Texas is not halting plans to reopen despite hospitals recording a record number of coronavirus patients.
Texas Gov. Greg Abbott said the state would continue to reopen “because we have so many hospital beds available to anybody who gets ill.”
Texas is not the only state witnessing record numbers, as authorities in states like Arkansas and North Carolina have also expressed concern after a rise in coronavirus cases.
White House infectious disease expert Dr. Anthony Fauci said while the country was bound to see an increase in infection numbers as economies reopen, the rise in hospitalizations was concerning.
Other states, including Oregon and Utah, have temporarily paused reopening plans as they investigate the spike in coronavirus cases.
Anita Pedy (R), chief nursing officer for the COVID unit at Houston’s United Memorial Medical Center, wheels a patient from the emergency room to the COVID unit on May 6, 2020.
Carolyn Cole/Los Angeles Times via Getty Images
Texas will not halt its reopening plans despite hospitals reporting a record number of coronavirus patients for the third day in a row.
More than 2,100 people in the state have been hospitalized with COVID-19 as of Friday, according to the Washington Post. Intensive care units in Houston are reportedly at 88 percent capacity.
When asked about the rise in cases, Texas Gov. Greg Abbott said that while he is “concerned,” he is not “alarmed.”
In an interview with KYTX television, Abbott said there is “no real need to ratchet back the opening of businesses in the state”, one reason being “because we have so many hospital beds available to anybody who gets ill.”
“For every person in a hospital bed, there are 10 open, available hospital beds available for them,” Abbott said. “So there’s plenty of hospital capacity to be able to deal with COVID-19.”
His comments come as restaurants in the state are allowed to operate at 75% capacity as of Friday, the Texas Tribune reported. Almost all other businesses are allowed to operate at 50% capacity.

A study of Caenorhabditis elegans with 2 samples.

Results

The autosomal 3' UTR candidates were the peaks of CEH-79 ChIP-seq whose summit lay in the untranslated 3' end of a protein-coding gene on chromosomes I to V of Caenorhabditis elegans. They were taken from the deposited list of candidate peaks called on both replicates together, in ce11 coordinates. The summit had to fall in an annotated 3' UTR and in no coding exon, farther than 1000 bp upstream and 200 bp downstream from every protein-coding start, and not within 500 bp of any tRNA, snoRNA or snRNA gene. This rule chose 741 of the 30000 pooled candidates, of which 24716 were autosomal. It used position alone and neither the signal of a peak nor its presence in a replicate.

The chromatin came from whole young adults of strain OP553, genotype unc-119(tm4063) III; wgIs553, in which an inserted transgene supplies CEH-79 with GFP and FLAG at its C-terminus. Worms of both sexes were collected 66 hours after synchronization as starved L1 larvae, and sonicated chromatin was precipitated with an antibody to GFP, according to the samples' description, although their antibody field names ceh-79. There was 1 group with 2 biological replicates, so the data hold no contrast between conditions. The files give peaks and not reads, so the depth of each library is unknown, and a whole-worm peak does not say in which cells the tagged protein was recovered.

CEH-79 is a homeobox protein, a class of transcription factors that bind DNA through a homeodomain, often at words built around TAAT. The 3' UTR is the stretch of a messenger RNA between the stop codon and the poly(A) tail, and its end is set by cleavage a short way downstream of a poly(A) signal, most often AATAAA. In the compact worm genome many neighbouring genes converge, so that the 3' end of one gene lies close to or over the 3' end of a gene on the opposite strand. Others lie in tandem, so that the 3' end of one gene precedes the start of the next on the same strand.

White House infectious disease expert Dr. Anthony Fauci told CNN that the country is bound to see an increase in infection numbers as economies start reopening but that the rise in hospitalizations was concerning.
“When you start seeing more hospitalizations, that’s a sure-fire sign that you’re in a situation where you’re going in the wrong direction,” Fauci said.
Texas is not the only state experiencing a surge in coronavirus cases. Arkansas saw its highest single-day increase on Friday, with 731 new COVID-19cases, according to local media.
On the same day, North Carolina also witnessed its highest single-day increase since the outbreak began, passing the 40,000 infections mark.
Mecklenburg County health director Gibbie Harris said on Friday: “We continue to see a decrease in social distancing and before long we will be back to where we were when we put the stay-at-home order in place.”
Meanwhile, other states have witnessed a surge in cases in the last week and are either pausing or slowing down their reopenings.
In Utah, Gov. Gary Herbert ordered most of the state to stop reopening until June 26 while it looked into a new spike in cases. “I don’t want to go forward and then take a step backward,” Herbert said on Friday, according to Reuters.
Oregon Governor Kate Brown announced on Thursday a week-long postponement of applications to reopen.
In a statement cited in Reuters, Brown said: “This is essentially a statewide ‘yellow light,’ it’s time to press pause for one week before any further reopening.”
The Centers for Disease Control and Prevention announced new coronavirus guidelines this week, which “strongly” encouraged the use of cloth face coverings when attending large events such as demonstrations, or political rallies.
Speaking about the recent protests in an interview with ABC News, Fauci said: “You know, it’s a danger to the people who are trying to control the demonstration. And it’s a danger to the people who are demonstrating. So at the end of the day, it is a risky procedure.”
Fauci said he understood why people were protesting, but that the official advice remains to avoid crowded places. “If you can do both, avoid the congregation of people and do the mask, that’s great,” he said.
This week, the US passed 2 million confirmed coronavirus cases. The country also recorded more than 112,000 deaths — the worst in the world, according to Worldometers.